March 21, 2011

by Guy Dinmore in Rome, published: March 21 2011

In the century since Italy invaded Libya and decimated its population under a brutal military occupation, Rome has seen its fortunes rise and fall repeatedly in its one-time colony.

Italian air force jets joined the United Nations-sanctioned raids on Libya for the first time on Sunday and seven military bases have been made available for coalition use. But officials in Rome are mindful that whatever the outcome of this latest conflict, Italy’s priority is to ensure that it will prevail as Libya’s most important economic partner.

Much is at stake, with Italy sourcing some 25 per cent of its oil imports and 10 per cent of its gas from its southern neighbour. Infrastructure and security projects worth billions of euros are also in play.

According to senior diplomats, Silvio Berlusconi has maintained what one called a “sense of loyalty” to the dictator he had avidly courted. Behind the scenes, Italy’s prime minister blunted the impact of European Union sanctions and kept Italy out of the forefront of the no-fly zone debate although he could not deny use of Nato bases.

While the US and UK acted quickly to freeze regime assets, Italy took its time. Rome is the hub of Libya’s financial activities in Europe and Banca UBAE, effectively owned by the Libyan central bank, said it was still “operating normally” although under Bank of Italy supervision.

The foreign ministry has said some €7bn ($9.9bn) of Libyan assets had been frozen so far. It is proposing that the international community create a mechanism similar to the oil-for-food programme for Iraq for the Libyan people, using an escrow account to handle revenues from Libyan oil and gas exports.

Under pressure, the Italian prime minister did publicly call on Mr Gaddafi to step down, but this did not end tensions with Giorgio Napolitano, head of state, and Franco Frattini, foreign minister. Both worried that Italy was falling out of line with its western partners and wanted a more active policy against a regime they saw facing imminent defeat.

But even as Mr Frattini was making contact with the rebels and an Italian warship sent them humanitarian aid, Italy’s state-controlled Eni – the biggest foreign operator in Libya – continued to pump gas to feed power stations around Tripoli, and only finally stopped oil output on Thursday, industry sources said.

Its global reach and resources give Eni the authority of a shadow ministry and its chief executive, Paolo Scaroni, said on March 16 he was ready to resume pumping gas to Italy through the Greenstream pipeline “tomorrow morning”, sanctions permitting.

Sanctions would mean “shooting ourselves in the foot”, he said last week after addressing a parliamentary committee.

Whether Mr Gaddafi survives or not, history suggests that Italy can bounce back and prove Mr Scaroni correct in maintaining that Libya will still want Eni.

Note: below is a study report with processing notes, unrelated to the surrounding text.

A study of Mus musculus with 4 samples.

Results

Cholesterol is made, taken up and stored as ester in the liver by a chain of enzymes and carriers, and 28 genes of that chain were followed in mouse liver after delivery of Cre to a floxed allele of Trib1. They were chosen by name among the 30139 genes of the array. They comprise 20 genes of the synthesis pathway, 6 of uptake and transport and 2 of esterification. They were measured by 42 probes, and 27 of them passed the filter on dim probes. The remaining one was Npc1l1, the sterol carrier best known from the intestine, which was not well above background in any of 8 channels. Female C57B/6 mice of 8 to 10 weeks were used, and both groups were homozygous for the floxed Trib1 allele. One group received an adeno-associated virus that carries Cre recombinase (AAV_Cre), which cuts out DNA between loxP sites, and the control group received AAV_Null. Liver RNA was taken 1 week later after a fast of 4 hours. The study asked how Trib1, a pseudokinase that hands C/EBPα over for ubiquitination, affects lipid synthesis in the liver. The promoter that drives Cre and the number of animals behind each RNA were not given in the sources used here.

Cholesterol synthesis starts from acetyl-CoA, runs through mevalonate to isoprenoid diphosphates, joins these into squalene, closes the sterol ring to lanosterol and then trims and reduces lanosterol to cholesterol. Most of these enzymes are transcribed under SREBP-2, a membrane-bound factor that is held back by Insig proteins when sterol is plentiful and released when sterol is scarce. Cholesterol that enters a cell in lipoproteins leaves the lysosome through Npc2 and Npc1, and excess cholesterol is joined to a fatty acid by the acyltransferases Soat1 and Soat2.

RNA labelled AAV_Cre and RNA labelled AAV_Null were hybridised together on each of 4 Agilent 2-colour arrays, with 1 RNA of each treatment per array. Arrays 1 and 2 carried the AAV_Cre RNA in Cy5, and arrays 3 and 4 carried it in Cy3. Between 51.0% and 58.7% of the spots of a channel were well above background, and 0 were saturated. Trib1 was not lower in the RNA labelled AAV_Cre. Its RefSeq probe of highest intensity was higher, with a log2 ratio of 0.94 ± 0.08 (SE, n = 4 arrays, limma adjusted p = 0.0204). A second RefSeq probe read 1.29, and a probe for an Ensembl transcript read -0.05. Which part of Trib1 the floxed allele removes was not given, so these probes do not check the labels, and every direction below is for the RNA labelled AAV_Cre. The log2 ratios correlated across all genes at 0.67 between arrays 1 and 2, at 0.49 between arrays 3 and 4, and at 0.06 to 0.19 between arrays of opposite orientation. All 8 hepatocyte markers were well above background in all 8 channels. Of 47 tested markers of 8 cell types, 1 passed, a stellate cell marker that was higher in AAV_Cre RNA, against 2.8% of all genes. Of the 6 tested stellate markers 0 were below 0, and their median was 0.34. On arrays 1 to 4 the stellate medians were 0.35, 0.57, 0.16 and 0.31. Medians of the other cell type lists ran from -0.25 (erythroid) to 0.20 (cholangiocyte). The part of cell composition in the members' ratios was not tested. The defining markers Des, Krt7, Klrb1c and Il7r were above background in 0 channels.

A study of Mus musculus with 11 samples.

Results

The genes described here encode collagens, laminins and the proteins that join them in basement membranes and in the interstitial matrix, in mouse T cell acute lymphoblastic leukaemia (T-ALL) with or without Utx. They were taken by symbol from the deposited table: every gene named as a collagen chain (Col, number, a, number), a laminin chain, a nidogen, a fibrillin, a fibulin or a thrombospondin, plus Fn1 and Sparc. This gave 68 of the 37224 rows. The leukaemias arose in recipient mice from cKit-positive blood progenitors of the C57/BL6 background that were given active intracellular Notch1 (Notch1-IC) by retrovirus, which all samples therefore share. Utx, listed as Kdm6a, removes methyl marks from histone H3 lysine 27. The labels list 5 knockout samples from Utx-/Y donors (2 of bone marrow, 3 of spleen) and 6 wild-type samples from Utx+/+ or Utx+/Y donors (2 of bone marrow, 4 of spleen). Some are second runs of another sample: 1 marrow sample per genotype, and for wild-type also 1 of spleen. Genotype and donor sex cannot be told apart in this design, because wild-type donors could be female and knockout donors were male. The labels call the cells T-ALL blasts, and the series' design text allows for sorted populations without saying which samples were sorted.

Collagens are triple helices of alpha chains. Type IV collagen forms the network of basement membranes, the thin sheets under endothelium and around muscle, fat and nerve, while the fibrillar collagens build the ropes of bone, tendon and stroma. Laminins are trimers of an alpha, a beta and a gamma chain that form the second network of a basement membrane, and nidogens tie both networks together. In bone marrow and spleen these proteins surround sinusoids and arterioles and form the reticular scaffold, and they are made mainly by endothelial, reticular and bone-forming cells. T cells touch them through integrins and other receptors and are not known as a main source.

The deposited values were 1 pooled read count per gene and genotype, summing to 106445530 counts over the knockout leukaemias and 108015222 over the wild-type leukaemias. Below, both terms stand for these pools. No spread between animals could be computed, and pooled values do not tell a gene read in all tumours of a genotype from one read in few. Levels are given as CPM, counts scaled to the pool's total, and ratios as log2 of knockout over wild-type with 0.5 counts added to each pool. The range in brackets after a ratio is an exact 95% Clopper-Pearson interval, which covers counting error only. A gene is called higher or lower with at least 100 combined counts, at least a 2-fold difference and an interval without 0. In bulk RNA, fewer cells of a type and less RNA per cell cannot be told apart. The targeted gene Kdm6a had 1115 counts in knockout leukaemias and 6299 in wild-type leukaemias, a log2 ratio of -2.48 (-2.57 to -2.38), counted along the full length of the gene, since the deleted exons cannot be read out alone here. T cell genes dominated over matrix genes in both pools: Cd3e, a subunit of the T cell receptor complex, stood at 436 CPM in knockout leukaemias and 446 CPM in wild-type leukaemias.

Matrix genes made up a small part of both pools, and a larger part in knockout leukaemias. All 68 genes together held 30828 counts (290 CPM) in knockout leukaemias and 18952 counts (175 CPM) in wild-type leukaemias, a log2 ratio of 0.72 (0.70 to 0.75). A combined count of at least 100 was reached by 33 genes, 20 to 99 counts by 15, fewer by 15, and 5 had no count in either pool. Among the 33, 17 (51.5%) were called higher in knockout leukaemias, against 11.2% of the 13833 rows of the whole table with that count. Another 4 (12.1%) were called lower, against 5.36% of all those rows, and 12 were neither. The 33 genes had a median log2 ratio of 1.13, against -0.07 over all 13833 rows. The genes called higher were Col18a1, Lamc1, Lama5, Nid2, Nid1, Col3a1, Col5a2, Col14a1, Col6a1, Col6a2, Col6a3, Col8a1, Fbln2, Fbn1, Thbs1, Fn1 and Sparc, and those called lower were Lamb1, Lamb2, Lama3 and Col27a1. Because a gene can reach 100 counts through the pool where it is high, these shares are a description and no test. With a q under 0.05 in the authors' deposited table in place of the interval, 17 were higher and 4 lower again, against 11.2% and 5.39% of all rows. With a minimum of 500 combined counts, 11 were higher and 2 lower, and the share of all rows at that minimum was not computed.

As a rather sombre Italy celebrated 150 years of nationhood last week, a few historically minded commentators noted that it was exactly a century ago that an orchestrated frenzy of nationalism and imperial lust set the stage for the invasion of Libya.

Territories under Ottoman rule soon fell to an Italian force of some 34,000, despite resistance from local Arabs who shocked Italians by resisting their “civilising mission”.

But it took more than two decades to pacify all of Libya and Benito Mussolini had to dispatch a much greater army to finish the job.

Aircraft dropped poison gas. Civilians were executed and tens of thousands herded in forced marches across the desert into concentration camps near Benghazi where disease accounted for the deaths of nearly half of their number. Omar el-Muktar, a teacher of the Koran and 73-year-old resistance leader, was hanged there in front of his Bedouin followers in 1931. Historians estimate some 100,000 Libyans, or perhaps many more, died under Italian rule.

Salt was then Libya’s most important commodity and it was only after the second world war that Italy – following defeat by the British in 1943 – returned to exploiting oil.

Enrico Mattei, Eni’s founder, enraged the US and British in undercutting the dominant oil companies he called the “Seven Sisters” in Iran and Libya in the late 1950s. He also funded Algeria’s nationalist movement against French rule, adding to the list of possible suspects behind his unexplained death in 1962 when a bomb blew up his plane above Italy.

Even after Colonel Gaddafi’s coup in 1969 and the nationalisation of Italian assets in Libya, Eni and Italian financiers worked their way back.

Four years ago – in an echo of the US protests against Mattei’s tactics 50 years earlier – the US embassy in Tripoli complained bitterly that Eni under Mr Scaroni had made “scary” concessions to Libya’s National Oil Company in renegotiating oil and gas contracts up to 2042 and 2047. According to a cable obtained by Wikileaks, the US embassy also questioned a $150m “social development package” Eni gave to NOC.

Mr Scaroni says he has tried to maintain contacts and contracts with NOC throughout this war so as not to lose its pre-eminent status in the country once the fighting ceases. There is speculation in Italy that other nations in the coalition might want to usurp Eni’s position.

“In all our experience in the world, whoever gets into power in the end needs to produce oil and gas,” Mr Scaroni told the FT. “At the end of the day, our position remains strong. We know the people, the fields and have the partnerships.”